America's leading heart experts on Monday issued new guidelines for high blood pressure that mean tens of millions more Americans will meet the criteria for the condition, and will need to change their lifestyles or take medicines to treat it.
The new guidelines classify high blood pressure as 130/80 mm Hg rather than 140/90.
"We now know that a blood pressure level between 130-139/80-89 doubles your risk of cardiovascular complications such as a heart attack compared to people whose blood pressure is under 120/80", says Paul Whelton, M.D.
High blood pressure is the No. 2 cause of preventable heart disease and stroke behind smoking, Gandhi said.
Millions more Americans will be classified as having high blood pressure, but this doesn't necessarily mean more people will be put on medication.
Previously, the AHA said 32 percent of adults in the US had high blood pressure (hypertension) but with the new guidelines, about 46 percent have hypertension.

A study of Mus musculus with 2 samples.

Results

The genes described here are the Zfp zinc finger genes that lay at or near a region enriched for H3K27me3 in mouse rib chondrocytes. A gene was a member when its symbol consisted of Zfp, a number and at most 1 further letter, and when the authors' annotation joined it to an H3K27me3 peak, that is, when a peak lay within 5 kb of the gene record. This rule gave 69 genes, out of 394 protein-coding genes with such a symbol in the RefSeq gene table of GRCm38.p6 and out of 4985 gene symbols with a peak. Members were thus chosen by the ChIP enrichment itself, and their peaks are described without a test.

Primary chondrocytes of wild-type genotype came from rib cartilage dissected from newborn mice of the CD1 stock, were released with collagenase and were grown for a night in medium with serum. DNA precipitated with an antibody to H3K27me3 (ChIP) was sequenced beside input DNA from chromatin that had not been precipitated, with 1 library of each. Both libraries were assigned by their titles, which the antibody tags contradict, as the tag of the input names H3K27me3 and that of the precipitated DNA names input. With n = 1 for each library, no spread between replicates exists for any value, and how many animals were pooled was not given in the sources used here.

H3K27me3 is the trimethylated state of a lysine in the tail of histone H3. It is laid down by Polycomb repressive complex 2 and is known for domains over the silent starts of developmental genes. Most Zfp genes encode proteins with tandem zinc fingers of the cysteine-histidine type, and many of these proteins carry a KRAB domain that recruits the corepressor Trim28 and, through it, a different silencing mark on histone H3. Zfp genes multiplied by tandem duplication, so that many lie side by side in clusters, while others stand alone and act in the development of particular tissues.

Blood pressure of 120 over 80 is still considered normal, with any systolic pressure reading up to 129 considered "elevated".
Now 46 percent of USA adults will have high blood pressure. Before, both these ranges were classified as "prehypertension", and 140-159/90-99 was "stage 1 hypertension".
FOX Business reached out to some of the top pharma companies named above but did not immediately receive a comment on how the new guidelines could potentially impact sales going forward.
The new guidelines also emphasize the importance of accurate blood pressure measurements, using an average of different readings at different times.
Medication is recommended for people with stage 1 hypertension only "if a patient has already had a cardiovascular event such as a heart attack or stroke, or is at high risk of heart attack or stroke based on age, the presence of diabetes mellitus, chronic kidney disease or calculation of atherosclerotic risk".
Hypertensive crisis is systolic over 180 and/or diastolic over 120, with patients needing prompt changes in medication if there are no other indications of problems, or immediate hospitalization if there are signs of organ damage.